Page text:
Known as SirNige to his followers, Nigel Mugamu is making quite a stir. He’s just bagged an award from Highway Africa for 263Chat, a twitter phenomenon that’s got over 8,000 followers and rising.
Twitter? Followers? If you’re confused you clearly don’t tweet. If you haven’t heard, Twitter is a social media platform in which short messages of no more than 140 characters are shared across online networks. In Facebook one has friends that you are likely to know, Twitter has followers who could be, and most often are, total strangers. Messages can be resent or, as it is known by twitter users, ‘retweeted’ – extending the reach of the message.
SirNige’s 263Chat is a growing community of folk discussing Zimbabwean national issues. It’s this online community for which he won the award: for the innovative use of technology for community engagement. If this isn’t community building, what is?
Harare News tracked him down to get to the bottom of what seems to be a bit of a tweeting addiction…
Why do you tweet?
I tweet because I like having a conversation with strangers and them becoming friends. It’s also how I get my news. I don’t wait for print. It’s faster and I can also get an opinion. Retweet…share…what do you think? Right there, a discussion is taking place.
How did you build your following?
I didn’t plan it. There was no strategy. I never said “I must have 7,000 followers” [his own twitter account is also followed by over 7,000 people] – I just thought, “let me log on and share.” I am not afraid to share my journey. I just want to get people to think and talk. The Zimbabwean narrative is often told by people who are not Zimbabwean. I think it is up to us to tell our different stories so that we can replace their negative stories with our true stories.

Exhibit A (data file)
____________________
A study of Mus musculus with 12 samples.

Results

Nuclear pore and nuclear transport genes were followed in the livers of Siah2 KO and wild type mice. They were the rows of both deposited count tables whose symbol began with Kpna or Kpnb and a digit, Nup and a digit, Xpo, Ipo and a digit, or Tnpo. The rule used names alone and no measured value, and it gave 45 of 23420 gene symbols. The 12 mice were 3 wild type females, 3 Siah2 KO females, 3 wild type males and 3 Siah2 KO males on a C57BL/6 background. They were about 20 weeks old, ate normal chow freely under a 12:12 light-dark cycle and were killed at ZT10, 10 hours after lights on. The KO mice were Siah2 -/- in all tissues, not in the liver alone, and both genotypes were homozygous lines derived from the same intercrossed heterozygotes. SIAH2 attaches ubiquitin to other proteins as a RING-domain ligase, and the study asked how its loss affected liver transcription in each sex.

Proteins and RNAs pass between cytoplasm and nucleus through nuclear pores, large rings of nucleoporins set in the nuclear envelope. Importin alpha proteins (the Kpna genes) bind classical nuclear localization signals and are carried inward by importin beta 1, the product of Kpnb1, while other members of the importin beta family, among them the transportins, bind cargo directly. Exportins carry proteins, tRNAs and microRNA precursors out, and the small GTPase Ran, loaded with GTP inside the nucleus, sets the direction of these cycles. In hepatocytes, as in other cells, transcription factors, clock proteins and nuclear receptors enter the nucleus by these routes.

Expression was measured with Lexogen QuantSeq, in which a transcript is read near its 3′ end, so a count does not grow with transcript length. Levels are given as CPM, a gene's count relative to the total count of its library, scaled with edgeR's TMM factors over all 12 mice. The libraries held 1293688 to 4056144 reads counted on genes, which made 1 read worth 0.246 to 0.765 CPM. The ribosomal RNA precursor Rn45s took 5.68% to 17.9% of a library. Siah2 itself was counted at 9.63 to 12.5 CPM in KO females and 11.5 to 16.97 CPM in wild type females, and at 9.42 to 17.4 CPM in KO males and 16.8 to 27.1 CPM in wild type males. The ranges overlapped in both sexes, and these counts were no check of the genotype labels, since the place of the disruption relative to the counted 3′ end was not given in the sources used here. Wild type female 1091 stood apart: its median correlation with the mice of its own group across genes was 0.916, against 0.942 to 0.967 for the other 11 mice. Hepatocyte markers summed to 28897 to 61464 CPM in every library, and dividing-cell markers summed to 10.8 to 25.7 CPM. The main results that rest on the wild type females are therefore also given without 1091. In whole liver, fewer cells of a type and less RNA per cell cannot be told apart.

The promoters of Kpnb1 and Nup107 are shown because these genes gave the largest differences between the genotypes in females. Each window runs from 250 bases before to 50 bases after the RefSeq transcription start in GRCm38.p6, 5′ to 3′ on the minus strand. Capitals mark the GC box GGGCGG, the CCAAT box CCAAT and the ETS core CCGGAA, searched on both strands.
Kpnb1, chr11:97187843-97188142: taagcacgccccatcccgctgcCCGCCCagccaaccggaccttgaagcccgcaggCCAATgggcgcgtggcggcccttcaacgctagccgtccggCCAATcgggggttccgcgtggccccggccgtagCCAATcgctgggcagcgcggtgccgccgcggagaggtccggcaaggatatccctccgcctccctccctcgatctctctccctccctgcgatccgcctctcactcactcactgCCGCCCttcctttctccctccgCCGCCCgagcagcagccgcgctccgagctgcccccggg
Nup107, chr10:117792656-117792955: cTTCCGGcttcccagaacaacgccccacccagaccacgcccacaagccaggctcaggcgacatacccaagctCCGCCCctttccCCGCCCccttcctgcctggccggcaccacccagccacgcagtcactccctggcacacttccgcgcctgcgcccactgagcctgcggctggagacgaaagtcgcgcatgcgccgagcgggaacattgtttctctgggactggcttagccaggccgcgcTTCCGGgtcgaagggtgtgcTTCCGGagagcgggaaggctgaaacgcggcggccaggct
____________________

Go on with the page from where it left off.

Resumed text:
Tell us about 263Chat
It was created first to have a conversation. Internet is the ideal democratic space. It started as a diaspora initiative as I lived outside. It’s like putting everyone into the same room. Zimbabweans are all over the place. The actual conversation is on Tuesdays at 6pm but it’s used throughout the week. How many people on the conversation? Depends on the topic – topics that involve women generate a lot of traffic. Education. Kids and stuff. We spoke about HIV a couple of weeks ago, people are very passionate.
And the award, what was that for?
I am very humbled to get this award. Totally unexpected! I just thought, hey, let me just tweet, didn’t realise that people out there were paying attention in this way. The award really belongs to the 263 family, who take part on a day-to-day basis.
Do you think you’re addicted?
I’ve thought about it. I just think it is part of me now. Like people who watch the news all the time. Are they addicted? No, they just want to know what’s happening. I am a writer, a blogger. I think it is useful to share.
Do you think that building an online community can translate into a sense of community offline?
Yes it does! You know, I met my wife on Twitter. We were introduced by a mutual friend, we started talking, turned to a phone call, then a meeting, and here we are. So it works. That’s why we also have live 263 events. Technology is great but the face-to-face meeting is really important. I am always encouraging Zimbabwean businesses to use social media, as it’s a way of engaging your customers. I have thought a lot about how I can use this technology to better the community. How do I get my mate in London, mate in Australia and this unknown person in SA to talk? How can we leverage the diaspora? In society we filter – that person’s white, he’s black… Twitter can be anonymous. Someone you don’t know is more likely to tell you the truth. It’s that honesty that I want.
Check SirNige out on twitter @SirNige @263Chat.